Photo by Mark Zuckerman / NATS INSIDER
Scott Olsen was strong in his return from the DL.
Strasburg and Livo, of course, combined to pitch 4 1/3 innings this week. Which makes the fact the Nats still took two of three from a first-place opponent all the more impressive.
"That's huge," Drew Storen said. "I think the manner in which we did it [is most impressive]. That's not an ideal series, the way things went with the rain delay, with the whole Stras thing. For us to work through that, play well and have the offense come through like they did, it's big for us."
Stop the presses: There's more to the Nationals than Stephen Strasburg! And there's apparently more to the pitching staff than Strasburg and Hernandez! Take out Livo's sub-par and brief start last night, and the rest of the staff combined to allow two earned runs and 13 hits over 22 2/3 innings in this series. The bullpen didn't give up any runs in 11 2/3 innings. And if you want to count Miguel Batista's fill-in start, that total goes up to 16 2/3 scoreless innings.
Pretty amazing stuff, when you think about. Then again, Scott Olsen's performance this afternoon was pretty amazing on its own.
Making his first big-league appearance in more than two months, Olsen tossed six sharp innings, his only real mistake coming on Matt Diaz's two-run homer in the fourth. Not bad for a guy who essentially was deemed finished twice this year.
When Olsen showed up at spring training heaving 83 mph fastballs at the plate, few inside the organization believed he was ready to return following last year's labrum surgery. The left-hander, though, kept making progress with each outing, slowly getting his fastball back over the 90 mph mark.
"He just continued to grow and was confident," Jim Riggleman recalled today. "He kept saying: 'I feel good. I'm going to get stronger. This 83-84 is not me. It's going to get better because I feel better. I'm just building up arm strength.' And he was right. He did."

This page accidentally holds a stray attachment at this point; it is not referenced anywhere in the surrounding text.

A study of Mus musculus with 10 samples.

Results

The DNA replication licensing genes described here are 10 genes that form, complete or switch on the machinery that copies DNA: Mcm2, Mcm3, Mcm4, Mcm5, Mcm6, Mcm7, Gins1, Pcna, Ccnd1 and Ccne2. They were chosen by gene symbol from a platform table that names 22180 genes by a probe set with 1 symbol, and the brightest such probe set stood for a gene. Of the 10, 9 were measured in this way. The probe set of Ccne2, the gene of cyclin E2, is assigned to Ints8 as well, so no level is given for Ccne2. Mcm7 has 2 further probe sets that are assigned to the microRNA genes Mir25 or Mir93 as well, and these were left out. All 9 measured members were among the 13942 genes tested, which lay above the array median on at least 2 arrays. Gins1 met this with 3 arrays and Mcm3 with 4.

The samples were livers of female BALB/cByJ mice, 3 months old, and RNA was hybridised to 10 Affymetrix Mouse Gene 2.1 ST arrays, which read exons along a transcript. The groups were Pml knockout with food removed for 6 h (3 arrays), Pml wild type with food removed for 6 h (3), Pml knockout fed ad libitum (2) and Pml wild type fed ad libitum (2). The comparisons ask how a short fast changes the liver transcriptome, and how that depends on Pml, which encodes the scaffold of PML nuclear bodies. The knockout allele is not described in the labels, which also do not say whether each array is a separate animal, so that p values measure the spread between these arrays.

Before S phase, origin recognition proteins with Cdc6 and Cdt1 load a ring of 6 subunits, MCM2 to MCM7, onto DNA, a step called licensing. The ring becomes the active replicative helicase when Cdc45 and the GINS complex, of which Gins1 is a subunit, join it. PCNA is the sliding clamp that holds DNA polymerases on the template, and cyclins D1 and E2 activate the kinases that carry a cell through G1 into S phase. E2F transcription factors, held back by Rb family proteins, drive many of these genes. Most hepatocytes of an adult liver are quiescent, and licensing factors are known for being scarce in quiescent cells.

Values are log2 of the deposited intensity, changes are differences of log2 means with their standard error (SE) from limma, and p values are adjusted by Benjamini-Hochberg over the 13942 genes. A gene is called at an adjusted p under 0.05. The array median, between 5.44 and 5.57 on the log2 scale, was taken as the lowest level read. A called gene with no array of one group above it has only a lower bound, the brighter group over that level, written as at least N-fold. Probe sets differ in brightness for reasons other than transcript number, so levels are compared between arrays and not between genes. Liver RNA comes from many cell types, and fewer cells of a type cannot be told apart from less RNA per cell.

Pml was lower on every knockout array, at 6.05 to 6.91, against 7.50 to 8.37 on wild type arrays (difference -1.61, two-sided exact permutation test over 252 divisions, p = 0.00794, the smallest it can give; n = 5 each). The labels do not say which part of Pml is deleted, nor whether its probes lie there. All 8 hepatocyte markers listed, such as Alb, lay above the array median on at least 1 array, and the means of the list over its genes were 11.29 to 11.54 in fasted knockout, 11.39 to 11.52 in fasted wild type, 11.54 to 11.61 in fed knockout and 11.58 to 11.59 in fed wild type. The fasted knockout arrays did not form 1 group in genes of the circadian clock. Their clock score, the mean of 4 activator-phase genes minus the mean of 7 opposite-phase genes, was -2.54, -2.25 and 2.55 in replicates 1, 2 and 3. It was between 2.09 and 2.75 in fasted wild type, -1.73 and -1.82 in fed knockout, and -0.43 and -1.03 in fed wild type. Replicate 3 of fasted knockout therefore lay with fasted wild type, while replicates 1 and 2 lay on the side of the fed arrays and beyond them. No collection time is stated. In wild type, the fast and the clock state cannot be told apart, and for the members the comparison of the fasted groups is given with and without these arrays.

Did he ever. After failing to make the Opening Day roster, Olsen joined the rotation one week later. And then over a stretch of five brilliant starts in late-April and early-May, he went 2-0 with a 1.11 ERA. All of a sudden, he looked like a long-term piece of the Nats' puzzle.
In his own mind, though, Olsen knew it wouldn't last. His left shoulder had been barking for a couple of weeks. He tried to slog through it for a while, but eventually: "It was just unbearable. I had to stop throwing. I had to get it fixed."
So the Nationals placed Olsen on the disabled list with left shoulder inflammation, and common wisdom said he might be finished once again. Certainly with so many other pitchers on pace to return from their injuries sooner, and with Strasburg due to arrive himself, there didn't seem to be any chance of Olsen earning his way back to the big-league rotation.
Olsen, though, was determined to make it happen. For two months, he woke up every morning in Viera and worked out at the team's spring training complex. The physical battle was tough enough. The mental battle made it even more of a challenge.
"It's not fun," he said. "It's basically the worst experience you can have. You get to the field and you don't get to play. You just get to work on stuff. It becomes boring. But it's something you have to do when you're hurt."
Slowly but surely, Olsen ramped his way back up to the point he was ready to go on a minor-league rehab assignment. And when a spate of injuries befell Nationals starters in the last week -- Strasburg, J.D. Martin and Luis Atilano all went on the DL in a span of six days -- Olsen got the call.
Who knew what to expect when he took the mound today at Nationals Park against a tough Braves lineup? How about a quality start, not to mention his first win since April 30?
Not bad. Not bad at all.
"The last 2 1/2 months haven't really been a whole lot of fun, but it makes days like today even more fun than they are," Olsen said. "Just to know that the amount of work and effort that you had to go through, at least you're doing it for something."